However, it’s the long term effects alcohol can have on the body that you should be more worried about. Research suggests that excessive alcohol consumption can lead to a variety of different cancers including mouth, esophagus, throat, liver, and breast. It can also cause severe damage to almost all of the body’s major organs.
We’re all familiar with recent studies that attribute the antioxidants found in a single glass of red wine to a reduced risk of cardiovascular disease, but what happens when the single glass turns into a bottle? Over time, excessive alcohol consumption begins to weaken the heart muscle resulting in blood flow irregularities.
Alcoholics and binge drinkers are often plagued by a condition known as cardiomyopathy where the heart stretches and droops. People diagnosed with cardiomyopathy caused by alcohol tend to experience shortness of breath, arrhythmia (irregular heartbeat), fatigue, enlarged liver, and a persistent cough. Alcohol can also increase the risk of a heart attack, stroke, and hypertension.
Beyond that initial feeling of euphoria, alcohol can have a detrimental effect on the brain. By slowing the relay of information between neurotransmitters, the ethanol found in alcoholic drinks can cause damage to multiple areas of the brain.
Prolonged damage to the brain’s neurotransmitters can result in behavioral and mood changes such as depression, anxiety, memory loss, and seizures. Alcoholism combined with poor nutrition can also trigger Wernicke-Korsakoff syndrome, “Wet Brain.” Alcoholics with “Wet Brain” experience a form of depression characterized by memory loss, confusion, hallucinations, loss of muscle coordination, and an inability to form new memories.
We tend to underscore the importance of the human liver, however, many alcoholics can tell you with certainty just how important liver function really is. Our livers are essential when it comes to proper food digestion, nutrient absorption, controlling infections, and ridding the body of toxins. There are over two million people in the U.S. who suffer from liver disease caused by excessive alcohol consumption.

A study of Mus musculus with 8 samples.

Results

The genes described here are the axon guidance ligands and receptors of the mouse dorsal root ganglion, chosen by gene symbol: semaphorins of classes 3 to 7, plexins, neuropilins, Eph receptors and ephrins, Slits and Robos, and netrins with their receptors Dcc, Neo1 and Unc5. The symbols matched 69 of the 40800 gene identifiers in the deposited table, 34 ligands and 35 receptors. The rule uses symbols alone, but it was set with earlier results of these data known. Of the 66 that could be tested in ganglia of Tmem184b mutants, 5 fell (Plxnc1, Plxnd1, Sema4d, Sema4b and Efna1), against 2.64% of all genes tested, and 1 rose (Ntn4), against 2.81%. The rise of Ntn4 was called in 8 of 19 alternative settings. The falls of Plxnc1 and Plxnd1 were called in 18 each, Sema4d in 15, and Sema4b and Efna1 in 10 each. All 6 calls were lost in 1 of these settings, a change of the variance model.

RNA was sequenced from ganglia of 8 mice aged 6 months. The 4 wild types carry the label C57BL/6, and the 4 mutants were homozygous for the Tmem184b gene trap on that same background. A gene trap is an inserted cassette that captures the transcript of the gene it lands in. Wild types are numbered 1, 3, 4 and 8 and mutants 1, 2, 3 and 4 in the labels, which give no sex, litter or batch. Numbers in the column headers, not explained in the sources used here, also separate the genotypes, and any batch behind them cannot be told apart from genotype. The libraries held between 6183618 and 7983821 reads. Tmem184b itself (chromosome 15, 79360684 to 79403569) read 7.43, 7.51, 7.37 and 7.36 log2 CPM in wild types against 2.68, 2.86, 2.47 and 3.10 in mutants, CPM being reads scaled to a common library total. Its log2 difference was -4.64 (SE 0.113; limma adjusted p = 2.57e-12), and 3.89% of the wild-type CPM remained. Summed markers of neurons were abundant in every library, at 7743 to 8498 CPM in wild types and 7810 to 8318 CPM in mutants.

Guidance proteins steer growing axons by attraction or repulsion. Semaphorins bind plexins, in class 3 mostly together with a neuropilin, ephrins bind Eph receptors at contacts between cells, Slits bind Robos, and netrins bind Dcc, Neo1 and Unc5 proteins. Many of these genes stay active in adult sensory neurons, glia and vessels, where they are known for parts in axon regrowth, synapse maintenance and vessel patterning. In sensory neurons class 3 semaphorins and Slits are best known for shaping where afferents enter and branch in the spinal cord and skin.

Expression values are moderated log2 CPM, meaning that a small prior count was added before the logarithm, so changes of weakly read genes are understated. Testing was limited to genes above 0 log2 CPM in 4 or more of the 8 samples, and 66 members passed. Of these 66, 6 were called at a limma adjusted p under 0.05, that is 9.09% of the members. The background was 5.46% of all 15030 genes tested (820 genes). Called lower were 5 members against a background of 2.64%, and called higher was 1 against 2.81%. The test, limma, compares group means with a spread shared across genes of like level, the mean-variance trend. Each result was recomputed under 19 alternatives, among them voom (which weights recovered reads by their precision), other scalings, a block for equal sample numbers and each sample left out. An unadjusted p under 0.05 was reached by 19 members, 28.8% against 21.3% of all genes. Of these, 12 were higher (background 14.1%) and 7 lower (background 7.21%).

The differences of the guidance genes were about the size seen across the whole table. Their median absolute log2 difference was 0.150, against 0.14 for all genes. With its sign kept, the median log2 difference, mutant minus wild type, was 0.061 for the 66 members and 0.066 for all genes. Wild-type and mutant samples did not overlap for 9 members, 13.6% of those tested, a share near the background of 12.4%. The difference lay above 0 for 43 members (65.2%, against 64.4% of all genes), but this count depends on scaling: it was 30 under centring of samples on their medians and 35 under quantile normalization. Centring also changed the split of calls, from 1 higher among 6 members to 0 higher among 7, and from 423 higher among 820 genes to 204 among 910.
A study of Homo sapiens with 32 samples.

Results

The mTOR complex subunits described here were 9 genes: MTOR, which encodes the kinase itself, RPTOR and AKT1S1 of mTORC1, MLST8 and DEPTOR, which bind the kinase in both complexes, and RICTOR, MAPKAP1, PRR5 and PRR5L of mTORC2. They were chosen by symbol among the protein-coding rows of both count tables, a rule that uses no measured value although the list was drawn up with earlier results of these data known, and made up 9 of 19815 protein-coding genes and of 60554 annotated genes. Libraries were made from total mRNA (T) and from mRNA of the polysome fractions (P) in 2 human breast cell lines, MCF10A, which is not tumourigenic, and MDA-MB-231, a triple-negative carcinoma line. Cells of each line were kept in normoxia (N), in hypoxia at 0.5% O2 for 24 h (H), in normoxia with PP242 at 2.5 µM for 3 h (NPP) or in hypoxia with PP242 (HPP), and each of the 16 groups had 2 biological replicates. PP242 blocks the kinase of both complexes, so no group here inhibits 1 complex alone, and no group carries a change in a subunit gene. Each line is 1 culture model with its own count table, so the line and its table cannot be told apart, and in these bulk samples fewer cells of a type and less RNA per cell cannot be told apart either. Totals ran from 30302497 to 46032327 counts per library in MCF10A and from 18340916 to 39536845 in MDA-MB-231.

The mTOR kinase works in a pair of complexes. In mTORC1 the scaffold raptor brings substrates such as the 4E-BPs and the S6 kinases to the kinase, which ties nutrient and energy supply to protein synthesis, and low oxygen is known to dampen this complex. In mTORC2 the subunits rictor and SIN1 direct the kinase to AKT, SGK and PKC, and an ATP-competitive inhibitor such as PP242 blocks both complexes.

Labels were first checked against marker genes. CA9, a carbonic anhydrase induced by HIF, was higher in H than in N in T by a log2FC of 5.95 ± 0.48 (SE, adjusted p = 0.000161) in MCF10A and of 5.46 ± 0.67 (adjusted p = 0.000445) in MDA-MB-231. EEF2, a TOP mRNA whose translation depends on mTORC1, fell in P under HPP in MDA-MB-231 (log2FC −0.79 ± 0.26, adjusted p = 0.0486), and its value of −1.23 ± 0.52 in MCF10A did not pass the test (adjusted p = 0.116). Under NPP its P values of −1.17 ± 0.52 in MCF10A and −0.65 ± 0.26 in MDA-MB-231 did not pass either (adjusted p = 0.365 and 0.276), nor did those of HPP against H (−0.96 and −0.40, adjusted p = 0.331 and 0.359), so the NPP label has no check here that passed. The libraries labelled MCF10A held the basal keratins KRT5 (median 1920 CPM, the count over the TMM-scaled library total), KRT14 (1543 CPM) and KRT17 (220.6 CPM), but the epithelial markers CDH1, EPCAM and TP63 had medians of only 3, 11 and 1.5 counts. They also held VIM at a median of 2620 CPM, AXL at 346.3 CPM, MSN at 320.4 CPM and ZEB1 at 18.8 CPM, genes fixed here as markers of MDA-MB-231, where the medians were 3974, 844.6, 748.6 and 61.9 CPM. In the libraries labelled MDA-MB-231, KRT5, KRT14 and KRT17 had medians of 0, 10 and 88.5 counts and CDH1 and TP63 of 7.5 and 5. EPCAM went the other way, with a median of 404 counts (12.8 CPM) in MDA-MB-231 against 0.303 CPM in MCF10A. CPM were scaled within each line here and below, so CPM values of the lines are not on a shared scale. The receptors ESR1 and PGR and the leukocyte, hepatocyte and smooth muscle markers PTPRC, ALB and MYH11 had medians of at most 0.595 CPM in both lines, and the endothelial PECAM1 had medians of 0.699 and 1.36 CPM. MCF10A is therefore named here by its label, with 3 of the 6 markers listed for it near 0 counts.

Liver cirrhosis ranked as the 12th leading cause of death among Americans in 2009. Out of the 31,522 deaths reported that year, 48.2 percent were considered alcohol related. Around one out every three liver transplants in the U.S. is the result of liver disease caused by alcohol consumption.
A lot like the brain, large amounts of alcohol can confuse the pancreas causing it to secrete enzymes internally instead of sending them to the small intestines. The buildup of enzymes in the pancreas will eventually cause inflammation. This inflammation, also known as pancreatitis, can either occur as a sudden attack (acute pancreatitis) that includes symptoms such as abdominal pain, nausea or vomiting, increased heart rate, diarrhea, and fever or chronic pancreatitis which slowly deteriorates the pancreas, leading to diabetes and even death.
The effect alcohol has on the liver can also spread to the kidneys. Due to the diuretic effect alcohol has on increasing the amount of urine the body produces, the kidneys are not able to do their job of regulating the flow and makeup of body fluids including the distribution of sodium, potassium, and chloride ions. This can in turn disturb our balance of electrolytes. Excessive alcohol consumption can also lead to high blood pressure, the second leading cause of kidney failure.